It wasn’t long ago that media and fans alike were calling for Rivers’ head on a platter. Following a dismal 24-58 season, including a franchise-worst 18-game losing streak, Rivers’ future in Boston was no doubt in jeopardy… pending the bounce of a ping-pong ball.
When it was revealed that the Celtics were stuck with the number five pick, Boston fans everywhere felt a brutal blow to the stomach (similar to the one we all felt this past Sunday). Everyone was waiting for the savior, whether it be Oden or Durant, but neither would be flying into Logan anytime soon. Tommy Heinsohn’s face would have made you think that David Stern had just kidnapped the Redhead from Needham.
It was back to square one for the rebuilding Celtics. Though Al Jefferson’s play was consistent, along with Rondo and Ryan Gomes showing flashes of great potential, the losses far outweighed the positives. Fortunately for Rivers, Danny Ainge knew that Doc’s future wasn’t the only one looking grim. Ainge was on the ropes as well, and he came out swinging.
When trading the number five pick, Delonte West, and Wally Szerbiak to acquire Ray Allen, Celtics fans had something to look forward to, though a championship was still a pipe dream. Just a few weeks later, Ainge gathered all his chips in front of him. Knowing that time was running out, he went all in. It was Gomes, Big Al, Gerald Green, Sebastian Telfair, Theo Ratliffe, and 2009’s first round draft pick in exchange for the Big Ticket, 2004 MVP, Kevin Garnett. The choice was clear for Doc: win or be fired.
Everyone spoke of how difficult a task Doc had in front of him. How was he supposed to keep three superstars grounded? How could they play together? Who is going to play defense? Who takes the big shot?
Before long, the Celtics would stand as the last undefeated team in the NBA. The offense was clicking on all cylinders. They’re bench was scoring when called upon. They’re defense was, as Iron Mike would say, impregnable. Suddenly the Garden was packed and rocking game after game. Rivers could breathe a little bit. Coaching a basketball team isn’t quite as daunting of a task when you have three coaches running the floor.
Despite having the best record wire-to-wire last season, Doc’s coaching was still questioned. Hell, I went to about 35 games and even I didn’t remain standing and clapping when Doc was announced during starting lineups. It wasn’t until the Celts came home from the west coast after sweeping Texas that I conceded to my buddy in Section 303, while remaining on my feet, “OK, love for Doc.”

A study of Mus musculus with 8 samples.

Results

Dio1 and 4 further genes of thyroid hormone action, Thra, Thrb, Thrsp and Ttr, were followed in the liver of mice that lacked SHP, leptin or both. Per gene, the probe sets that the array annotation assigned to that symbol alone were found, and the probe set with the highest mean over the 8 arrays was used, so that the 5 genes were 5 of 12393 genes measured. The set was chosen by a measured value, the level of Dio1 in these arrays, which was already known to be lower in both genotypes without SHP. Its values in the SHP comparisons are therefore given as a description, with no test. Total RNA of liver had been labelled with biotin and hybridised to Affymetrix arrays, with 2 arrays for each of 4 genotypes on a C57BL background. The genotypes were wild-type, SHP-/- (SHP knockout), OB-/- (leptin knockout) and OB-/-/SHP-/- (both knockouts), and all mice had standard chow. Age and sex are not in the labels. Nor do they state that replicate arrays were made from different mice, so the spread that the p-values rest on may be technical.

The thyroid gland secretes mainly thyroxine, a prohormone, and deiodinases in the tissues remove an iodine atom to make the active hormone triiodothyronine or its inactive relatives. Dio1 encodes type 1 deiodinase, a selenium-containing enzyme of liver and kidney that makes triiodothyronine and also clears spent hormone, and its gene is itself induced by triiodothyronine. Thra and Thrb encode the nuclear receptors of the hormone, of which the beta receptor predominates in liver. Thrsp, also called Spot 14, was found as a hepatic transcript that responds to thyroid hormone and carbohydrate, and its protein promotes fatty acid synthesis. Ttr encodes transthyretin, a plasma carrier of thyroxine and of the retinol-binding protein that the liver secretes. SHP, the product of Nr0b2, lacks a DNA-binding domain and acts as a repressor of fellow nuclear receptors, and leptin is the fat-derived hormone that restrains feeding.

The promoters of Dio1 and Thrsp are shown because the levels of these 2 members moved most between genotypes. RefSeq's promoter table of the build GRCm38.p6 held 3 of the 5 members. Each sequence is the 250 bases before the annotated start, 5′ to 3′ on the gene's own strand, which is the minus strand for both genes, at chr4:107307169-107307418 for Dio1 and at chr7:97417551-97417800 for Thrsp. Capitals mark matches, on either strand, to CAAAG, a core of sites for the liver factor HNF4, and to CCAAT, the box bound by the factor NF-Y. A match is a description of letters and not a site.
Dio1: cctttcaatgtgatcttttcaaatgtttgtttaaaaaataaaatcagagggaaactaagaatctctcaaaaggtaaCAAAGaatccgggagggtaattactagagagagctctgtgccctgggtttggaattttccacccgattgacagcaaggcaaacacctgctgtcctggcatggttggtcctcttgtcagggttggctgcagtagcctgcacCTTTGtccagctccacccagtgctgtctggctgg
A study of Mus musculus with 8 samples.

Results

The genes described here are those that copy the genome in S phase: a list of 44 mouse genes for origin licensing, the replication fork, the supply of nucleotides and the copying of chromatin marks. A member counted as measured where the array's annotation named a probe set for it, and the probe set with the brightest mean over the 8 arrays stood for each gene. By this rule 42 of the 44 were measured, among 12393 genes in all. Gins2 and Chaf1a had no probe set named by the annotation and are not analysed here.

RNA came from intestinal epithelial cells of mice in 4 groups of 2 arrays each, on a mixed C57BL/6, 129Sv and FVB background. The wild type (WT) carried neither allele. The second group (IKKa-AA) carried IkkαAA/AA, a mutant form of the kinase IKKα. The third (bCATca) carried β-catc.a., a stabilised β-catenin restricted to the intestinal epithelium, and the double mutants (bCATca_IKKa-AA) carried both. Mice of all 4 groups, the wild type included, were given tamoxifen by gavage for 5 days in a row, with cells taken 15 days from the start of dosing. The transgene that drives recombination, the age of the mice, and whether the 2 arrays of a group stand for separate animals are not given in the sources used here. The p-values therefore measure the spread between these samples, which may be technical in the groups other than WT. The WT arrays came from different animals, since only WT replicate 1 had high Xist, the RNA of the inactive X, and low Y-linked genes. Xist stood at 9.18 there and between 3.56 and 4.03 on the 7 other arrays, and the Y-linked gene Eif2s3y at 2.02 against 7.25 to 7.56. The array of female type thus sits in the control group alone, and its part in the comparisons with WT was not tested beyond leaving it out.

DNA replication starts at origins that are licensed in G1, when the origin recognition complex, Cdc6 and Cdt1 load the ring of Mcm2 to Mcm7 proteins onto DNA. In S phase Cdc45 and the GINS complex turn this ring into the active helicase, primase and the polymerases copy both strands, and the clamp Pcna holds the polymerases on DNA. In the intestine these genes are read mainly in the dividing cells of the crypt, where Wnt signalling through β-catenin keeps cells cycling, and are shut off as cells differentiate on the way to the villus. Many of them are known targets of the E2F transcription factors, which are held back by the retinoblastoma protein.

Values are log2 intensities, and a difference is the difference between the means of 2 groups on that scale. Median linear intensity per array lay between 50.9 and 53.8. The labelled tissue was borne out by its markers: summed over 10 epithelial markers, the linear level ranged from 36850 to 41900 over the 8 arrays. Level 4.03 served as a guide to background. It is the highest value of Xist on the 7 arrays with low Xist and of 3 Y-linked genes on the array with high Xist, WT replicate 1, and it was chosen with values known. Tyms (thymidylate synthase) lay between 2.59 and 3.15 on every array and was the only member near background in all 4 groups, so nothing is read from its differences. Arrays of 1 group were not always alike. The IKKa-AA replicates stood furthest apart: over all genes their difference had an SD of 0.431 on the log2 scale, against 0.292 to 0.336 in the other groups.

The strongest criticism Doc endured during the year was probably after the Celtics acquired Sam Cassell. Fans across the city were split on whether Cassell was a worthwhile pickup. Rondo had already turned into a stud amongst all fans, both real and bandwagon alike. Eddie House couldn’t effectively handle the ball (especially against a press), but his instant offense had put him in the good graces of the Garden faithful. Cassell was a threat to both of their playing times and it was no secret.
Cassell did have one big game shortly after to coming to town, but it turned out to be a rare sight. After struggling in the last few weeks of the season, he failed to shoot over 42% in any series during the playoffs. Fortunately, Doc let Sam play most of defense on the bench, yelling in the ears of the likes of Joe Johnson, Tayshaun Prince, and Sasha Vujačić.
Doc’s other questionable strategies affected one Leon Powe. Powe didn’t have the minutes you’d get from a well seasoned veteran, but the youngster from Cal had also become a fan favorite with his hustle, physical play, and humble persona. He never wasted minutes. Powe proved himself as a solidified banger. He ended up as the most fouled player per 60 minutes in the NBA. Apparently Phil Jackson didn’t get the memo. Jackson was left at the podium wondering how a guy named “Pow” (I think Pau’s on your team Phil) had been to the line more than his whole Laker squad. Anyone who followed both teams all season knows it’s a simple answer: toughness.
Despite having very few mental mistakes during the course of the season, Powe only averaged more minutes per game than Cassell in one playoff series. One would think it must’ve been versus the Lakers, the team in which Powe mopped the parquet with in Game 2, but it was actually against the Hawks in the first round. He continued to make the most of his minutes, but the minutes just weren’t there.
Despite the amazing season, Doc still had his critics. Nearly all the credit for the Celtics’ new and improved defense was given to Defensive Player of the Year Garnett and assistant coach Tom Thibodeau. Doubters were far from silenced when the Celts needed seven games to finish the Hawks and then seven for the Cavs. After a convincing series win over Detroit, the Celtics managed to somehow go into the Finals as underdogs.
It wasn’t until the late hours of June 17th that Doc found sweet redemption. The real party started early in the third quarter. The balcony looked like the Celts had just set off more pyrotechnics, but this wasn’t the smell of some fireworks you can get by traveling 60 miles north on 93. This was the sweet smell of success: the sweet smell of cigars, of Red.
As the Celts poured it on the Lakers, the Truth poured it on Doc. It’s almost as though that red Gatorade was washing the monkey off Doc’s back. He’s coaching the best basketball team in the best basketball league in the world. Now he has a new ring, a new contract, and a new goal: defend the crown.